First World War Galleries Project

Since 2010 I have been working as Senior Curator on the team creating new First World War Galleries for Imperial War Museum London. They will open to the public as part of a transformed museum in July 2014. Covering over 1000 square metres, the galleries are sufficiently large to accommodate artillery pieces and even a tank and an aircraft alongside smaller exhibits.
Members will undoubtedly be aware of the richness of IWMs’ First World War collections, but may be interested to hear about the historical, museological and practical considerations which influenced the way in which these artefacts will shortly be presented to the public.
Our team was tasked with telling the story of the First World War to a new generation, and to put it in the context of the world before and after the war. In keeping with the museum’s terms of reference, the focus was to be on the British Empire’s involvement.
We quickly arrived at some key decisions. First, given the huge advances in the field of First World War Studies since the opening of our previous gallery in 1990, we were determined that the galleries should reflect the latest historical thinking. To help us achieve this, we have drawn upon the expert advice of a distinguished Academic Advisory Board. Secondly, we decided that, if visitors were to follow such a complex series of events, the galleries would need to be based upon a largely chronological narrative.
Finally, we decided to follow a policy of ‘contemporaneity’ – that is to say we would portray the war as it was seen by people at the time, without the application of hindsight. This does not mean that there is not a ‘museum voice’ guiding the visitor around the galleries; but just that our text attempts to avoid making judgements which were not made at the time. This approach offers the benefit of freeing the galleries’ narrative from the encumbrance of post-1918 reconfigurations of the war.
The pursuit of contemporaneity means that the words of people who lived (and died) during the war will feature throughout the exhibition – not just in the text, but incorporated into the fabric of the gallery itself. These words will be those spoken, or committed to diaries or letters at the time; rather than being taken from later memoirs. We feel that they offer a fresh and often surprising perspective on the war.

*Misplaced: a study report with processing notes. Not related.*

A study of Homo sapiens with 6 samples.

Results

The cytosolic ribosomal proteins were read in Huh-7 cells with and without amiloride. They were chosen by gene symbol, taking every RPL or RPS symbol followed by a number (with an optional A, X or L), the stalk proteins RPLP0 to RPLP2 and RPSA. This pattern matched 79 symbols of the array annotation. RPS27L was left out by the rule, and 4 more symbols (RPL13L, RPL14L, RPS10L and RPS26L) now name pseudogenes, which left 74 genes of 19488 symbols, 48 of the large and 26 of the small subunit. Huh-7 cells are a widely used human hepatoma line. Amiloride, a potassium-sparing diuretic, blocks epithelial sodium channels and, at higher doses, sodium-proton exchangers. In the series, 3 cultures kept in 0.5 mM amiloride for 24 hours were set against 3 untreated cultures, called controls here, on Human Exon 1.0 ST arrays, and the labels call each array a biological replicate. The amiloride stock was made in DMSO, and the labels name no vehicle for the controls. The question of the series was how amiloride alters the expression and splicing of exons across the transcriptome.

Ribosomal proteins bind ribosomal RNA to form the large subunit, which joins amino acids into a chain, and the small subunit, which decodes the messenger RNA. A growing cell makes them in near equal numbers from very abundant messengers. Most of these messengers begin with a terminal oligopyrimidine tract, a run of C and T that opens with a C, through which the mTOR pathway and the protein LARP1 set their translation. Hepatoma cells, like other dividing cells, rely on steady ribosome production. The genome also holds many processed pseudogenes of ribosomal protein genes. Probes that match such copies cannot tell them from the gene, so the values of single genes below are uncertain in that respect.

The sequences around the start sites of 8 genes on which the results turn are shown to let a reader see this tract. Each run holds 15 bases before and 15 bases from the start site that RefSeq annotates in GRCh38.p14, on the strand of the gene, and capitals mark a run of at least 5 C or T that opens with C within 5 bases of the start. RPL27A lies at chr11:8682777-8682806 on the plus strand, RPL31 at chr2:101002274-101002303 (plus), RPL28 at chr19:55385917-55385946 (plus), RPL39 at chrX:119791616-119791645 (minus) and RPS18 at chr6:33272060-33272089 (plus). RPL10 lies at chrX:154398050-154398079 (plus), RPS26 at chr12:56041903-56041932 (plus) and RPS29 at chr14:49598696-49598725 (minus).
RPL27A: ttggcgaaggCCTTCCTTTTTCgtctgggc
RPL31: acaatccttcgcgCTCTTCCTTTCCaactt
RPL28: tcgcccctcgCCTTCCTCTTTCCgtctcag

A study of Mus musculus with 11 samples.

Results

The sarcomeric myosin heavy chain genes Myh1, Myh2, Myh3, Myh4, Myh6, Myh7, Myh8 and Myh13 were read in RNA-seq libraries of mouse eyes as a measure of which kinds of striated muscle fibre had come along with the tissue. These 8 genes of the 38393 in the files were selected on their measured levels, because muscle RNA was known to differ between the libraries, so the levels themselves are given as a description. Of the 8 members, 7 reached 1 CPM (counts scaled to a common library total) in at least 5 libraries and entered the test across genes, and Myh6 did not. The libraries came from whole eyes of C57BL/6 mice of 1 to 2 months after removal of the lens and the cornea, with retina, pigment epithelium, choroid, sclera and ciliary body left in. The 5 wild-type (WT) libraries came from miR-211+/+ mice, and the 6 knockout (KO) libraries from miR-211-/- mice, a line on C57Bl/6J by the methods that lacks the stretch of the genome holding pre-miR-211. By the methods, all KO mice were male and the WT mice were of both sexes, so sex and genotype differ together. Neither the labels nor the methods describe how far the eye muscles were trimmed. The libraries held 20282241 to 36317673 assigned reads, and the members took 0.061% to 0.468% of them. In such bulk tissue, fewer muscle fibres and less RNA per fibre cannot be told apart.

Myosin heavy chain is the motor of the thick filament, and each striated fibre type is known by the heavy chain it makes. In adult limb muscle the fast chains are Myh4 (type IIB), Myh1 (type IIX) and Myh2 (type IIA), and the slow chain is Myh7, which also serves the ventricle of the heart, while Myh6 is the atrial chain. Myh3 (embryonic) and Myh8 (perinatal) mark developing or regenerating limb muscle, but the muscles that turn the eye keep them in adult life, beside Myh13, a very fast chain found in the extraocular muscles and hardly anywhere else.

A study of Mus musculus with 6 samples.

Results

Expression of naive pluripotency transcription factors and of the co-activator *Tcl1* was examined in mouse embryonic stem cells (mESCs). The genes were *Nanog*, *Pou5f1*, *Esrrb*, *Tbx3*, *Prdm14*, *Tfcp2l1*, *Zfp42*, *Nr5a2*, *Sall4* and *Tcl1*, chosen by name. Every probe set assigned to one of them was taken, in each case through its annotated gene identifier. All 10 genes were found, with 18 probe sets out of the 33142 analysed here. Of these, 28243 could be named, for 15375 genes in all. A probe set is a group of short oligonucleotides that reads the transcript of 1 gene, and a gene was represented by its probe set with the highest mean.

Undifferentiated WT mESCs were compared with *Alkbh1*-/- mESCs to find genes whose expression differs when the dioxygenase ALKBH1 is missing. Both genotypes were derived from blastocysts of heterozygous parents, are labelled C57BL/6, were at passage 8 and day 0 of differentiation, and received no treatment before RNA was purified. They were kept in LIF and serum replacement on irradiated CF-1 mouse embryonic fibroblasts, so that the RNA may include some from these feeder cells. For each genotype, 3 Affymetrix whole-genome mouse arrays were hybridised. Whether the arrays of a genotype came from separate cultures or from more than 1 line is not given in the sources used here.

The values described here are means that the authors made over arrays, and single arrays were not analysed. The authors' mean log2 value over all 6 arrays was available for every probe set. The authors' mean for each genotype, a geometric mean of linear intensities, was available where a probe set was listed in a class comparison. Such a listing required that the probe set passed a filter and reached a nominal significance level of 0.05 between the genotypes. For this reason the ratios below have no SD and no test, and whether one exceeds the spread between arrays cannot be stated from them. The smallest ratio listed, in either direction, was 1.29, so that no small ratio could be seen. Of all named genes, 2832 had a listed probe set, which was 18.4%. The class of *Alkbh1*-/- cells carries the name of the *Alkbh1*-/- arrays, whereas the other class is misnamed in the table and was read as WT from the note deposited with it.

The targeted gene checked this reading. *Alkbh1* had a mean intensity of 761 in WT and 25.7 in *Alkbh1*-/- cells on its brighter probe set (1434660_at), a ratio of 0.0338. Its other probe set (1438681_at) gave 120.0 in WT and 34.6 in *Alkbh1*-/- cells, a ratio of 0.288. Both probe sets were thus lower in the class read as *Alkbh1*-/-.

Of course we are well aware that, in Britain, the First World War is generally viewed simply in terms of mud and trenches. But we hope to show that, while these were indeed features of the First World War, the struggle was not limited to the deadlock which existed on the Western Front from late 1914 until early 1918. Not only was it a war fought around the globe in diverse environments, but one which began and ended in mobile campaigns far more costly in human life than trench warfare.
It was also a war fought on the home front. Thus the exhibition will address the impact of war on civilians; the fundamental importance of their support in keeping nations fighting; their mobilisation as war-workers and the fact that they themselves became the target of air attack and naval blockades. The design of the galleries ensures that the home front will feature alongside the fighting fronts throughout; giving the visitor a visual and spatial reminder that the two arenas were inextricably linked.
In short, we hope to show that the First World War was more varied, more colourful, more strange and, arguably – given that civilians became the victims of massacres and starvation – even more terrible than is popularly perceived.